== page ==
Almost every facility manager can remember a time when workers would manually mix chemicals with the assumption that the more product they use, the better the cleaning result. Today, managers understand that this method of mixing is inefficient, inaccurate, unsafe and can result in soaring chemical costs.

As a result, custodial departments, such as the one at Johnson County Community College in Overland Park, Kan., are opting for chemical dispensing systems in place of the "glug-glug" method.

"I used a dilution control system at my previous college and inherited a similar system when I started at Johnson County Community College in 2007," says Gary Cook, R.E.H., manager of housekeeping services and Hazmat coordinator.

Dilution control systems like the one in use at the college are not new to the industry, but they are growing in popularity.

With shipping costs on the rise, both chemical manufacturers and jan/san distributors are trying to reduce the weight of products by supplying chemicals in a concentrated form. Because concentrated chemicals don't include water like the ready-to-use counterparts, they are lighter and come in smaller packages. The end users then dilutes the concentrates on site using the chemical dispensing system.

These systems have not only saved on shipping, but they promote proper cleaning and safety, and control chemical usage.

What Is Dilution Control?

A dilution control dispensing system is designed to automatically mix concentrates with water, after which it is dispensed into secondary containers such as spray bottles and mop buckets, or equipment such as carpet cleaners, autoscrubbers or foam applicators — all the while never exposing workers to the chemical.

Using the system will improve safety by eliminating chemical exposure, but it will also take the guesswork out of diluting chemicals. At the push of a button, precise amounts of concentrates are diluted for end user use.

"The system is very simple to use," says Cook. "Turn the water on, turn the dial to the chemical you want to use, and then fill your flat mop reservoir, floor machine or spray bottle. The concentrate bottle label color closely matches the chemical color and spray bottle label, so there is no confusion."

Dilution Control Benefits

Cook comments that this method of controlling — and ultimately reducing — chemical usage is the main reason why dilution control systems were first implemented at his facility. And he's not alone, say chemical manufacturers, who cite chemical reduction as one of the most common reasons departments initially implement the system.

Instead of pouring chemicals directly into buckets, the system used at Johnson County Community College mixes concentrated chemical and water properly every time. Mechanically controlling chemical quantities has eliminated the potential overuse of products and controls the frequencies of chemical purchases, both of which have saved money for the department.

Using a chemical dispensing system has also improved safety at the college. As many industry veterans can relate, when mixing with the "glug-glug" method, splash back from chemical exposure can leave permanent burns or rashes on workers arms and legs. Using dispensing systems at the college, chemicals are fully contained and the threat of exposure has been eliminated.

"Unless someone purposely punched a hole in the concentrate bottle, the workers have no contact with concentrated chemicals," says Cook.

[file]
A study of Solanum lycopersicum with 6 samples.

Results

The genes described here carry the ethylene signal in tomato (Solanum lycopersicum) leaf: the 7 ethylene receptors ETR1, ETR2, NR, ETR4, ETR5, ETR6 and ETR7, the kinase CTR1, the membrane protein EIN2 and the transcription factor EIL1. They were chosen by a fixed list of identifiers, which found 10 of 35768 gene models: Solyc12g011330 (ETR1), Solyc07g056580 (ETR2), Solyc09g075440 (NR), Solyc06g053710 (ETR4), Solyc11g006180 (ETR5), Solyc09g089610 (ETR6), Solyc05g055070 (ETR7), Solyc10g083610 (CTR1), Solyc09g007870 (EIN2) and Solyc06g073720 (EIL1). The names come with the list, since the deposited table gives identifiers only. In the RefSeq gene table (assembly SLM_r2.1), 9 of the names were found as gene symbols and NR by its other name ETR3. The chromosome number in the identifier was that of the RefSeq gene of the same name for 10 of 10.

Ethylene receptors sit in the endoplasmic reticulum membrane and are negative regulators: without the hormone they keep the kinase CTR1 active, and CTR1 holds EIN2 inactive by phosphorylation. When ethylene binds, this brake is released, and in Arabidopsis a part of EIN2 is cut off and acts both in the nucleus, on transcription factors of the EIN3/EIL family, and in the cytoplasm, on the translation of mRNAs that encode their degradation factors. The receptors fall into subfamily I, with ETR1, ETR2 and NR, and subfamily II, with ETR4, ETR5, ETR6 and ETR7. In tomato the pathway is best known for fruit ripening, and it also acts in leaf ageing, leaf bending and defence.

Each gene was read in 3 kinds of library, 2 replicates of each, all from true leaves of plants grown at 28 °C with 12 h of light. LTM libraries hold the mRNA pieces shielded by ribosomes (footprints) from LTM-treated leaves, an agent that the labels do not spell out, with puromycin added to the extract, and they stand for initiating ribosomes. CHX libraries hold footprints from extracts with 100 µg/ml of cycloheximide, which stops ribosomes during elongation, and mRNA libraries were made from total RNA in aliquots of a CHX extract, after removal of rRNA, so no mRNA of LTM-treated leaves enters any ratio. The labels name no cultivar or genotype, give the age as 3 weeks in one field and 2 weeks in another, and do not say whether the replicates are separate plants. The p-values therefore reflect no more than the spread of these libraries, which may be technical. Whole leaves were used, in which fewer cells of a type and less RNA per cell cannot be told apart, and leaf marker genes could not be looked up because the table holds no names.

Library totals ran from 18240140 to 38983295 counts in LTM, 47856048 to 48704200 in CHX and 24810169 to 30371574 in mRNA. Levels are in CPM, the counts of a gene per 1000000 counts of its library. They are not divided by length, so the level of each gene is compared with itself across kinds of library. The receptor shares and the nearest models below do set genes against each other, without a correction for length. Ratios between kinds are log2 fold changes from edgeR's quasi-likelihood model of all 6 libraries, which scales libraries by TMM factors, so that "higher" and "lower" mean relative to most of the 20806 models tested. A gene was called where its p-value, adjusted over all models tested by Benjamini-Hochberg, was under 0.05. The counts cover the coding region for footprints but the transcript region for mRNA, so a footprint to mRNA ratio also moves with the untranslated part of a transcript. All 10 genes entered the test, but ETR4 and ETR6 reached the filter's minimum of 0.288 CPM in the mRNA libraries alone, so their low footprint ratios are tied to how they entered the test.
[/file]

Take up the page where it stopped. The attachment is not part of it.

Tampering doesn't happen at the college, but there are times when workers take it upon themselves to determine proper dilutions and try to adjust the system accordingly. Thankfully, the system in use is tamper-proof and locks prevent workers from altering the chemical dilutions.

In addition to product usage and safety, Cook recognizes a somewhat unique benefit to the chemical dispensing system used on campus: improved cleanliness.

Workers that don't use a dilution control system often clean with an exorbitant amount of chemical. In doing so, they often leave chemical on the surface. This can result in a film on surfaces and could actually attract more dirt.

"Because we are using proper chemical proportions, the building is actually cleaner," Cook says.

He also appreciates that the system can accommodate different chemicals in one compact and virtually tamper-proof unit.

"We use the dispenser for all of our chemicals, except the acid toilet bowl cleaner, resilient floor finish and stripper," Cook says. "We also run our carpet cleaning chemicals through the dispensers."

Support System

Chemical dispensing problems have been few and far between at Johnson County Community College. But when problems do arise, Cook reaches out to his distribution vendor or the manufacturer representative for support.

Over the last 5 years, Cook has developed a good rapport with both his distributor and manufacturer representative. Both have been quick to offer any necessary preventative or restorative maintenance to the dilution control system on site.

"We have to keep our eyes open for maintenance issues with these dispensers, just like any other equipment we use," he says. "If we think we have a problem, we contact our local vendor or the local manufacturer reps for repair. They are always happy to supply their expertise if needed."

With strong support from vendors and a responsive custodial crew, Cook has seen successes from using dilution control systems at Johnson County Community College. Not only has it controlled chemical usage, it has simplified cleaning, improved safety and streamlined purchasing.